Here’s another small 1960s exercise book, found amongst the boxes of childhood mementoes stashed away in my parents’ attic. They kept everything, including many of our school books. This one is a real treasure. It’s my “News” book, the one in which, at school on Monday, children would write about the weekends or holidays they had just had. Judging by some of the events depicted here I think I am 6 years old, so this would be the 1967-68 school year at Westfields Primary. I’m quite impressed with my 6-year-old artistic abilities (less so with my spelling!) and some of the pictures bring memories flooding back. Here, for instance, is The Spinning Wheel toyshop which stood halfway along Barnes High Street throughout my childhood – I recognise it from the toy animals hanging from the ceiling:
To my childhood self there were only two types of shop: toy shops and sweet shops. I remember the Spinning Wheel mostly for its stuffed toy animals and the sweet old man (probably not that old) who ran it. I also remember the two funny “old” ladies at Arts & Crafts over the road, which, as well as the crafty stuff its name suggests, drew me for the Britains toy farm animals I collected (I gather these are proper collector’s items today!) I remember 3 sweet shops: Sugar & Spice on the High Street, and Jewels and The Mascot on Church Road. As far as I was concerned these shops sold only sweets – mostly from giant colourful jars lined up behind the counter – but I guess they must have made a living with newspapers and tobacco as well.
My childhood friends feature frequently in my weekly reports, and there are trips to London Zoo and the Science Museum. I am especially pleased to find graphic contemporary reportage of some of the events I have covered in this blog. Here, for instance, is a dramatic trip to Churt, which I’m surprised I don’t remember:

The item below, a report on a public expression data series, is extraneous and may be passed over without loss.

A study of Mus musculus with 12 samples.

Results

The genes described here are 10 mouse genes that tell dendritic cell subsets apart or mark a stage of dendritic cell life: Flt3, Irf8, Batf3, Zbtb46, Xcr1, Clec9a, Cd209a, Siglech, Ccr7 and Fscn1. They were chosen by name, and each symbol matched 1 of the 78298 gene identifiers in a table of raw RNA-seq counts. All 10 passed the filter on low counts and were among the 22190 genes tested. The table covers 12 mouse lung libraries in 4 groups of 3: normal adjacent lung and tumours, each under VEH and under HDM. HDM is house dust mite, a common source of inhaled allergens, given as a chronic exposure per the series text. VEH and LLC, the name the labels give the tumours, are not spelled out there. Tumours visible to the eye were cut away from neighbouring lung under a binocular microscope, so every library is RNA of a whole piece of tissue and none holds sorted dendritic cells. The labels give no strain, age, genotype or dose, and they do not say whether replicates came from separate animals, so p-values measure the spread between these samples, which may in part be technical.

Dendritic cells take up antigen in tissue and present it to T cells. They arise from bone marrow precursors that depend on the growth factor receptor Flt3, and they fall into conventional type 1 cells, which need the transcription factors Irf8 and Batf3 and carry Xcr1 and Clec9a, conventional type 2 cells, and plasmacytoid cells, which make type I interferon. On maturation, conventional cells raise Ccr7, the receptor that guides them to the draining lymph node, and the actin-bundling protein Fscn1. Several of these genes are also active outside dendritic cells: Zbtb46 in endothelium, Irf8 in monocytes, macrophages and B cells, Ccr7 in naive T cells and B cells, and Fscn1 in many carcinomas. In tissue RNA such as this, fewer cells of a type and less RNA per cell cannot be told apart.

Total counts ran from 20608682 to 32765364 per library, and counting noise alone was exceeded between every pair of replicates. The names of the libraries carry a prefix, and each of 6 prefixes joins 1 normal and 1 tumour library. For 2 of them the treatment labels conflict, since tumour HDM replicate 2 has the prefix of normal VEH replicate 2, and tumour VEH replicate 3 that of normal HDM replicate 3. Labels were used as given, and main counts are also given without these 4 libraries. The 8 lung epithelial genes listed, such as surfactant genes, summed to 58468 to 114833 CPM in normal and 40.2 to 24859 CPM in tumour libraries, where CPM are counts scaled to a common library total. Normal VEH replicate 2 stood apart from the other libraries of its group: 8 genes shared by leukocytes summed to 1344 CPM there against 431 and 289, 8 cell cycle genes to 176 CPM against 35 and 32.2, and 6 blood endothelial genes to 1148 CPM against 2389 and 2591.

Here is an example of a family Bonfire Night:
And here I am welcoming my Dad (who I don’t remember ever having been black!) and Brother 2 home from their trip to Amsterdam:
Here is a mention of one of our many lodgers, Mike Stonelake, who was kind enough to let all the kids in the street play on his motorbike – a very exciting thing for us back then:
That’s my friend Alex Mathew at the front, Briony behind him and on the back… a cat with long hair? That would be me then, imagining myself to be an animal as usual. Much to their exasperation, I’m sure; they were probably playing at James Bond.
There are many more delightful scenes from my childhood in this little book, and some will feature in future posts. I’ll finish with this one for now. It’s almost worthy of a medical textbook in its graphic depiction of illness, and may hint at the reasons for my lifelong aversion to the colour orange.